We tend to have selective memory at times when we think back upon the happenings in our lives, especially our lives as Kentucky fans. We often times recall the instances when we were one moment, one call, one bounce, one injury, etc. away from winning a particular game, or reaching a final four– or even winning a national championship. Those moments are easy for us to pinpoint– the “what if we had guarded the inbound in ’92?” moments. What we sometimes fail to consider though when retracing our steps through history are the moments that turned in our favor. We don’t always look at those moments from the “what if that shot by Aaron Harrison hadn’t gone in?” perspective.
I would argue that two coaches in Kentucky basketball history have had their Kentucky careers defined by such moments more so than any others. For one coach, the ball has bounced a bit more favorably than the other.
John Calipari has one won national championship at Kentucky so far in his career. Tubby Smith won one national championship at Kentucky in his career. When the history books write about these two coaches and their respective time at Kentucky, one coach will surely be deemed as the more successful. The other, while still successful, will always come with the inevitable “what ifs?”
John Calipari has reached 3 Final Fours in his time at Kentucky thus far. Of those Final Fours, 2 of the 3 came on the shoulders of a series of impressive game-winning shots. Tubby Smith reached the Elite 8 three times. Of those Elite 8 games, 2 of the 3 were games in which Kentucky in many peoples’ minds should have won. In one game Kentucky was moments away before the game was eventually sent into OT against Michigan State, and in the other– Kentucky was a Keith Bogans injury away.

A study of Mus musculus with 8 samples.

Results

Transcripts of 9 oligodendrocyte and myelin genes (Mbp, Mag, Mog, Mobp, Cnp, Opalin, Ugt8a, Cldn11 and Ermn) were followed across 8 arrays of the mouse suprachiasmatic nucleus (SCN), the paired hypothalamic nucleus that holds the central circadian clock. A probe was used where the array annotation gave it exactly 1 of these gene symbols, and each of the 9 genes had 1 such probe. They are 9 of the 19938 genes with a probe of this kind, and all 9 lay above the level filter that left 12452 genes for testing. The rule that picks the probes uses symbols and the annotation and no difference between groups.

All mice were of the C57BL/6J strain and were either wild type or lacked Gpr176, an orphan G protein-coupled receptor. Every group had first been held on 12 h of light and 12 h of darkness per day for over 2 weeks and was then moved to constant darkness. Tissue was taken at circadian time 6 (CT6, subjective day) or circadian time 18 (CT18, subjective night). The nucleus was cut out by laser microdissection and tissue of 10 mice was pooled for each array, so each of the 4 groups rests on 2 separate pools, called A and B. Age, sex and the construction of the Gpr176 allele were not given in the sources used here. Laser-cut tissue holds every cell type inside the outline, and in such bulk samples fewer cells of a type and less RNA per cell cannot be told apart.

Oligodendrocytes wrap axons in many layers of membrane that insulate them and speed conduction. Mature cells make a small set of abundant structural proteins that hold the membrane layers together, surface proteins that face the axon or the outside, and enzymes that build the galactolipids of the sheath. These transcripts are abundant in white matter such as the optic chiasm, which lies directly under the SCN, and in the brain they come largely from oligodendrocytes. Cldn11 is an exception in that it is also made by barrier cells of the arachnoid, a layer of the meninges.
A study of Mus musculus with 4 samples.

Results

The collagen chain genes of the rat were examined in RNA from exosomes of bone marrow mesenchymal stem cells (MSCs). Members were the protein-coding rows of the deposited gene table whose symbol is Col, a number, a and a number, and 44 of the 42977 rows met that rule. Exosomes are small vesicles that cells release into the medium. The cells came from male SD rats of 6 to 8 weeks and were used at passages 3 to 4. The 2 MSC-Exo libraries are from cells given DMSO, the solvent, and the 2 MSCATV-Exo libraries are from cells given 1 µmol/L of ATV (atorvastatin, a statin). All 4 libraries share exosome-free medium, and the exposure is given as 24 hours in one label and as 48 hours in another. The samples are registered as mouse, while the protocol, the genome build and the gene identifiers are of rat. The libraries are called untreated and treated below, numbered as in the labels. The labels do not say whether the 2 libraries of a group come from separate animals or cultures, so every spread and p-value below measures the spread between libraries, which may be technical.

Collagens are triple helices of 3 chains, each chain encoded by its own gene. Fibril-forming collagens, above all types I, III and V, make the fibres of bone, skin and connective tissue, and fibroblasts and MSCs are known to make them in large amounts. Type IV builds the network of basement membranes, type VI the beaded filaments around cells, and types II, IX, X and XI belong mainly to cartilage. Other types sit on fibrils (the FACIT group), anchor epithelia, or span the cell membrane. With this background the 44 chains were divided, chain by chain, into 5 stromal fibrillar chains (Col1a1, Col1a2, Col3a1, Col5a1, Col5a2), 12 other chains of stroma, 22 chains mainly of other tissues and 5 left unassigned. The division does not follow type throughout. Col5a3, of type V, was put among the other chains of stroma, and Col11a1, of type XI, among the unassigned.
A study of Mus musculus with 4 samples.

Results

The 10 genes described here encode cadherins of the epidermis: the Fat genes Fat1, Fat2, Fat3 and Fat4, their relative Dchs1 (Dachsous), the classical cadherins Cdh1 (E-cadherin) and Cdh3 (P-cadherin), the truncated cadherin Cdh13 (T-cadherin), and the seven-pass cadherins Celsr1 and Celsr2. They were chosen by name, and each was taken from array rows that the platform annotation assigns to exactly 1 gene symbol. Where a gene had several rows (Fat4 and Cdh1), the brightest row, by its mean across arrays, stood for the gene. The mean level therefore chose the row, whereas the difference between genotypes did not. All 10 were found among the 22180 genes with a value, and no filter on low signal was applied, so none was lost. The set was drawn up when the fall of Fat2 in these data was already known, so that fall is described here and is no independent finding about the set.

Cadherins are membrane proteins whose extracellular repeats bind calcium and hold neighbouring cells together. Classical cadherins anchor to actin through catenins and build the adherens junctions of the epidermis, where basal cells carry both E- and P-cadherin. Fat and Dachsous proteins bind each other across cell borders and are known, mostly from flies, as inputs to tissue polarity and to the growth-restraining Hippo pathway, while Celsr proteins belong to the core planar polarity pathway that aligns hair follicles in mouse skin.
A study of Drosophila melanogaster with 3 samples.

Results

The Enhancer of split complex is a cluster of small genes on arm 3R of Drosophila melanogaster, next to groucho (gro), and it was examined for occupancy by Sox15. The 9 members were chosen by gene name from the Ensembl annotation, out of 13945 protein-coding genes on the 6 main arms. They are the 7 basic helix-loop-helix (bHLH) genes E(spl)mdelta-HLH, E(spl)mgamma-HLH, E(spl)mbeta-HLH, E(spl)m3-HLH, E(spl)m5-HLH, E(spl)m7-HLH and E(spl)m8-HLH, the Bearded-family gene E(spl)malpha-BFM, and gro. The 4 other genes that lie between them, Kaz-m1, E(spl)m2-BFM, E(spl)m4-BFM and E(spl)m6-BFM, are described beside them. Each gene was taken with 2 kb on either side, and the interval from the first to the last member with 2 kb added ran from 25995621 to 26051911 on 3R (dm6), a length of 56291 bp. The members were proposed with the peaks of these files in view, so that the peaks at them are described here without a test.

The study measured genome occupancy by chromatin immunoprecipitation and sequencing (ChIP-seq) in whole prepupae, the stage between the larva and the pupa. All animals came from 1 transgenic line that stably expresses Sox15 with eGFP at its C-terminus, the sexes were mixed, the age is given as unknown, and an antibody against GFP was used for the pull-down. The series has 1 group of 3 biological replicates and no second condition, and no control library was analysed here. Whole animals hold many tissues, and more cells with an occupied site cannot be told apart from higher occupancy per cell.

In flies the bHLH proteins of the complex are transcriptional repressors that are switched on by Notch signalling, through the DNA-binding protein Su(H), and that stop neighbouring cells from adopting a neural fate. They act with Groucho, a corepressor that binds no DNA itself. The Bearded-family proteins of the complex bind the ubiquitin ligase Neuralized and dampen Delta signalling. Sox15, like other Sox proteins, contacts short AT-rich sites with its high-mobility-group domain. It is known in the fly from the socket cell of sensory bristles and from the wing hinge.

If Tubby Smith wins those Elite 8 games against Michigan State or Marquette (maybe even just 1 or 2 of the 3) and adds another Final 4 or two to his Kentucky resume’, how differently would we look back on his time at Kentucky? If John Calipari’s and Kentucky lose that First Round game against Princeton when Brandon Knight makes the game-winning lay-up, or Wichita State hits the last second shot against Kentucky this year in the second round… how differently would we look back on his time so far at Kentucky?
College basketball especially is such a game of fortunes and misfortunes. The NCAA tournament is so filled with drama and unpredictable moments, shots, games, etc. that a bounce here and a bounce there, a missed shot here or a made shot there can completely define how one coach or one team or one player is forever remembered. Tubby Smith had some great teams at Kentucky and seemed to always come up on the wrong side of the coin when it came to the biggest moments. John Calipari has also had some great teams at Kentucky and has seemingly had the right players hit the big shots at the right time in the biggest moments (i.e., Brandon Knight and Aaron Harrison).
… And Billy Gillispie’s big shots in the biggest moments might have been of a different variety.